A few weeks ago, we found that the moratorium on deepwater drilling was based on a twisted report:
The seven experts who advised President Obama on how to deal with offshore drilling safety after the Deepwater Horizon explosion are accusing his administration of misrepresenting their views to make it appear that they supported a six-month drilling moratorium — something they actually oppose.
The experts, recommended by the National Academy of Engineering, say Interior Secretary Ken Salazar modified their report last month, after they signed it, to include two paragraphs calling for the moratorium on existing drilling and new permits.
Power Line notes that it would seem as though Elana Kagan has engaged in similar behavior:
Here is the shocking part: the ACOG report, as originally drafted, said almost exactly the opposite. The initial draft said that the ACOG panel “could identify no circumstances under which this procedure . . . would be the only option to save the life or preserve the health of the woman.” That language horrified the rabidly pro-abortion Elena Kagan, then a deputy assistant to President Clinton for domestic policy. This is what Kagan wrote in a memo to her superiors in the Clinton White House:
Todd Stern just discovered that the American College of Obstetricians and Gynecologists (ACOG) is thinking about issuing a statement (attached) that includes the following sentence: “[A] select panel convened by ACOG could identify no circumstances under which [the partial-birth] procedure … would be the only option to save the life or preserve the health of the woman.” This, of course, would be disaster — not the less so (in fact, the more so) because ACOG continues to oppose the legislation. It is unclear whether ACOG will issue the statement; even if it does not, there is obviously a chance that the draft will become public.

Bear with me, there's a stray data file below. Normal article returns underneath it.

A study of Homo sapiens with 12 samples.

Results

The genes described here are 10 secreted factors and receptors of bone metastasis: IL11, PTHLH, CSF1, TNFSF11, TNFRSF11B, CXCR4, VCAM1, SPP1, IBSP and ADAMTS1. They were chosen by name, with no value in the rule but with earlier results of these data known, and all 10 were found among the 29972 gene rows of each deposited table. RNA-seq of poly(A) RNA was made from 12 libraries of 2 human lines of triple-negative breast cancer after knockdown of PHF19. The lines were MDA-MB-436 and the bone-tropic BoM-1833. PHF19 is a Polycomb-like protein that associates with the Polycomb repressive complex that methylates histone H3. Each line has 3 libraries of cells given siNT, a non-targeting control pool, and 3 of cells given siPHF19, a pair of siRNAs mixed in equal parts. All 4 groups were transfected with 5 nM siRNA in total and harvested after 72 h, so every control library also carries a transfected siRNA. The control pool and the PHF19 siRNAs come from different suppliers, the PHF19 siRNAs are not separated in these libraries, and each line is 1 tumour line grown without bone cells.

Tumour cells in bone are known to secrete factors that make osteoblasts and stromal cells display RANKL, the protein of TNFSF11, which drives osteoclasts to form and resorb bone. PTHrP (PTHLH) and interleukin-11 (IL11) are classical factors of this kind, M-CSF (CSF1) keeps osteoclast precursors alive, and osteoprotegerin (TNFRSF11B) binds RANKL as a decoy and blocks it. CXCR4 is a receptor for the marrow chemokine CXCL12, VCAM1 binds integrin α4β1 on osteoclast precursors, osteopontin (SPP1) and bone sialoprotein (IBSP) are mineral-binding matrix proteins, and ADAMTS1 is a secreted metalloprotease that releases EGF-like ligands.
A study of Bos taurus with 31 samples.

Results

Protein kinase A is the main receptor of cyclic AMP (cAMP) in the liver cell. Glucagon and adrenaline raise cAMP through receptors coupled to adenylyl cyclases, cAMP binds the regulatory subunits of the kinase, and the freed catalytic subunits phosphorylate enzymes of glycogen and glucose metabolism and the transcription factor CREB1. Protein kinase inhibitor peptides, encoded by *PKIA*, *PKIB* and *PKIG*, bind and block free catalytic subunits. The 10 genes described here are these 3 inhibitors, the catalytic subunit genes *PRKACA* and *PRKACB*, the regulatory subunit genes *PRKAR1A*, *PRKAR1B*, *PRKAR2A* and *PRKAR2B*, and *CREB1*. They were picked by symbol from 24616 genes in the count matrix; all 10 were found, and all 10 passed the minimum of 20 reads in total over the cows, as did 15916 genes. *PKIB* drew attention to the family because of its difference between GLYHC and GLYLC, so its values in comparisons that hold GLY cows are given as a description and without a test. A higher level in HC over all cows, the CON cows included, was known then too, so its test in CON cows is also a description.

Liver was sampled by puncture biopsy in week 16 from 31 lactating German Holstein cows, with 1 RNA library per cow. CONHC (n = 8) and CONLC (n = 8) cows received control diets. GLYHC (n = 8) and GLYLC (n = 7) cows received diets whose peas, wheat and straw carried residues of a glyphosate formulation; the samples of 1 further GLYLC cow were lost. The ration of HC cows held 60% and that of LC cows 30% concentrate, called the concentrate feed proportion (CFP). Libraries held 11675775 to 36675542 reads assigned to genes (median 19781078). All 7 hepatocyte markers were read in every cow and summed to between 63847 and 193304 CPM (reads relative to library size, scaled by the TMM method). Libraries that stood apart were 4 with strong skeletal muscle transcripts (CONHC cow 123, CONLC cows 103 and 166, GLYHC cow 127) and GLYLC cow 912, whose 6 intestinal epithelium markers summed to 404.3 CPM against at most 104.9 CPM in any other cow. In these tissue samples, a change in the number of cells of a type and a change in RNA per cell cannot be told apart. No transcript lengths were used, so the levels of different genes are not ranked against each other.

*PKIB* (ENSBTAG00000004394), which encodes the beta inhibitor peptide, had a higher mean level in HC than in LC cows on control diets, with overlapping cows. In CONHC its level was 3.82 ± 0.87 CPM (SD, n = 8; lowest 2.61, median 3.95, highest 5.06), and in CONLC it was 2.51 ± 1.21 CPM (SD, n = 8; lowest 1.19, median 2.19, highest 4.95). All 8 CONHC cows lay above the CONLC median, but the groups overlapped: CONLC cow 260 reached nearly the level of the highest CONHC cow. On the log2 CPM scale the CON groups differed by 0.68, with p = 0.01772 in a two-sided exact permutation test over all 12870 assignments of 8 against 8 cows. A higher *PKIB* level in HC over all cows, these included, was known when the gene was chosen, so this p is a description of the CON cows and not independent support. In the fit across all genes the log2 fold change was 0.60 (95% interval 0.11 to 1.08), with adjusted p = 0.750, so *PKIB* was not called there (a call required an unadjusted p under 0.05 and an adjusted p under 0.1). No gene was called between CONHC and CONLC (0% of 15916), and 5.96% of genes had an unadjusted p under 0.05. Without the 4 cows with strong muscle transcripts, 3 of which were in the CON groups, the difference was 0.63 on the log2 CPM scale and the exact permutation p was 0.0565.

So Kagan took matters into her own hands: incredibly, she herself appears to have written the key language that eventually appeared in the ACOG report. Coffin writes:
So Kagan set about solving the problem. Her notes, produced by the White House to the Senate Judiciary Committee, show that she herself drafted the critical language hedging ACOG’s position. On a document [PDF] captioned “Suggested Options” — which she apparently faxed to the legislative director at ACOG — Kagan proposed that ACOG include the following language: “An intact D&X [the medical term for the procedure], however, may be the best or most appropriate procedure in a particular circumstance to save the life or preserve the health of a woman.”
Kagan’s language was copied verbatim by the ACOG executive board into its final statement, where it then became one of the greatest evidentiary hurdles faced by Justice Department lawyers (of whom I was one) in defending the federal ban. (Kagan’s role was never disclosed to the courts.)
Such behavior, in which the words of the experts are turned around to have a meaning which completely contradicts the original intent, is unseemly in any public official and absolutely should not be rewarded with lifetime tenure in the nation’s highest court.